How To Prevent Storm Damage
May 1, 2013
From downed trees to warped roofs and siding, storm damage comes in many forms and costs home and business owners millions of dollars to repair every year. While there is no way to completely protect your home’s structural features and landscaping from wind, hail, tornadoes, ice, flooding, hurricanes, and more, consider implementing the following tips to minimize damage in the instance of inclement weather.
Protect Trees from Storm Damage
Fallen tree branches and unhealthy tree trunks can damage power lines, your home and more. Prune your trees to maximize healthy growth and ward off structural problems by cutting branches before they become larger than an inch in diameter. Water trees regularly and fertilize when seasonally appropriate. A healthy tree will hold up to high winds and adapt better to storms and severe weather, while an over-watered, over-fertilized tree often has shallower, weaker and less deeply entrenched roots.
Prevent Water Damage from Leaks & Flooding
Heavy rain and melting snow can infiltrate your home through leaks, cracks in your home or through rising water levels beneath it. Follow this water damage checklist from Weather.com to find any vulnerable spots in your roof, foundation or structure where water intrusion is common. Once you’ve plugged any potential leaks, ward off flood damage with a sump pump.
Worried your sump pump won’t work during a power outage? A standby generator can minimize the amount of storm damage by keeping critical appliances running. Whether you own a smaller sized home or large multi-story house, standby generators, when installed1 by a GE Generator Dealer, minimize water damage by keeping sump pumps and fans running through periods of power loss.
Learn more about how a backup generator works to keep your house up and running during a storm.
Reinforce Garage Doors & Your Roof Against Wind Damage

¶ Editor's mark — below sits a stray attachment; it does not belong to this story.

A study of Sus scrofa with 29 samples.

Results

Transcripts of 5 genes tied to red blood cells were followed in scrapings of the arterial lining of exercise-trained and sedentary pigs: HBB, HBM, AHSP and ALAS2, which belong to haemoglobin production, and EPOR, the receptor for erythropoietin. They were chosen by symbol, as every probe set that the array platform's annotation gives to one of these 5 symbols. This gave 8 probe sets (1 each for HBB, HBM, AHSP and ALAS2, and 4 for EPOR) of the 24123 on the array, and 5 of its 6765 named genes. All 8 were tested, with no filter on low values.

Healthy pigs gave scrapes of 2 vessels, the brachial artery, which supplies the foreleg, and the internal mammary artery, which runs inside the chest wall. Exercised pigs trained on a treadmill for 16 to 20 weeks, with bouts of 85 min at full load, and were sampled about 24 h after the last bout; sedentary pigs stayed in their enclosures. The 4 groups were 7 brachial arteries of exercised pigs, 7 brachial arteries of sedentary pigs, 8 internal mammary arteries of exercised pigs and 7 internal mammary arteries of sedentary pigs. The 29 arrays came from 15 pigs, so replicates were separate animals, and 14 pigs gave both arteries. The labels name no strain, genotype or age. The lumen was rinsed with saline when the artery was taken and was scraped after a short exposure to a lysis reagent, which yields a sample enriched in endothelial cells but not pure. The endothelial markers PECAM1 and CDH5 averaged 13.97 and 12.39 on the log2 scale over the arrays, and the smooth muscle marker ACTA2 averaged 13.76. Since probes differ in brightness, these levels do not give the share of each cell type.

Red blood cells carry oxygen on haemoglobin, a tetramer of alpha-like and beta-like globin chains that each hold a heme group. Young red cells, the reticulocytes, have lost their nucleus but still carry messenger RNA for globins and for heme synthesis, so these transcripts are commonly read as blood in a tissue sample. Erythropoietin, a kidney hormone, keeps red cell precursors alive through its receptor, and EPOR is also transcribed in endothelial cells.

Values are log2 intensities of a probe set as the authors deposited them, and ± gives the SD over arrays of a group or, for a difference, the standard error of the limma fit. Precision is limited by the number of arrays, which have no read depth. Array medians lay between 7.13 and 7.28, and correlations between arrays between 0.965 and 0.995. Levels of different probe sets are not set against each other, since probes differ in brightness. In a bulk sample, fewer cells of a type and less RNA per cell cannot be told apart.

Double garage doors, unless they are thoroughly tested and marked as hurricane resistant, are prone to wind damage during storms. Single garage doors are somewhat strong, but they too can and should be reinforced. To avoid garage and roof repair costs later, use a garage door reinforcement kit to minimize structural damage by utilizing straps or clips to secure your roof and garage door to the frame of your home.
Ward Off Hail & Hurricane Damage with Reinforced Windows & Doors
High winds and flying debris can easily damage windows and glass doors. To reinforce windows in a hurricane-prone area, install permanent storm shutters that are securely anchored to your home and fastened closed when in use. As a temporary and less expensive solution, purchase plywood from your local home improvement or hardware store to cover glass windows and doors and prevent storm damage.
>> Find a checklist to weatherproof your home against a hurricane.
Fortify Your Roof Against Hail Damage
This icy precipitation can cause dents and weaknesses in your roof if it isn’t in good shape. The most important factor in preventing hail damage is how impact-resistant your roof shingles or materials are. When making roof repairs, replacing it entirely or buying a new home, research the covering options and choose a material that meets the UL 2218 standard2 (a scale by the Underwriters Laboratory to test shingles / roofing materials’ impact resistance). Once installed1, regularly maintain your roof and make minor repairs to avoid major storm damage when hail hits.
At GE Generator Systems, we are dedicated to helping home owners protect their investment in the event of storms and power outages. Learn why GE is the right choice for your backup power needs.
1 Installations must strictly comply with all applicable codes, industry standards, laws, regulations, and provided installation manual. Running engines give off carbon monoxide, an odorless, colorless, poisonous gas so it is important to keep exhaust has away from any windows, doors, ventilation intakes or crawl spaces. The installation manual contains specific instructions related to generator placement in addition to NFPA 37, including the requirement that carbon monoxide detectors be installed.
2 This generator is rated in accordance with UL (Underwriters Laboratories) 2200 (stationary engine generator assemblies) and CSA (Canadian Standards Association) standard C22.2 No.100-04 (motors and generators).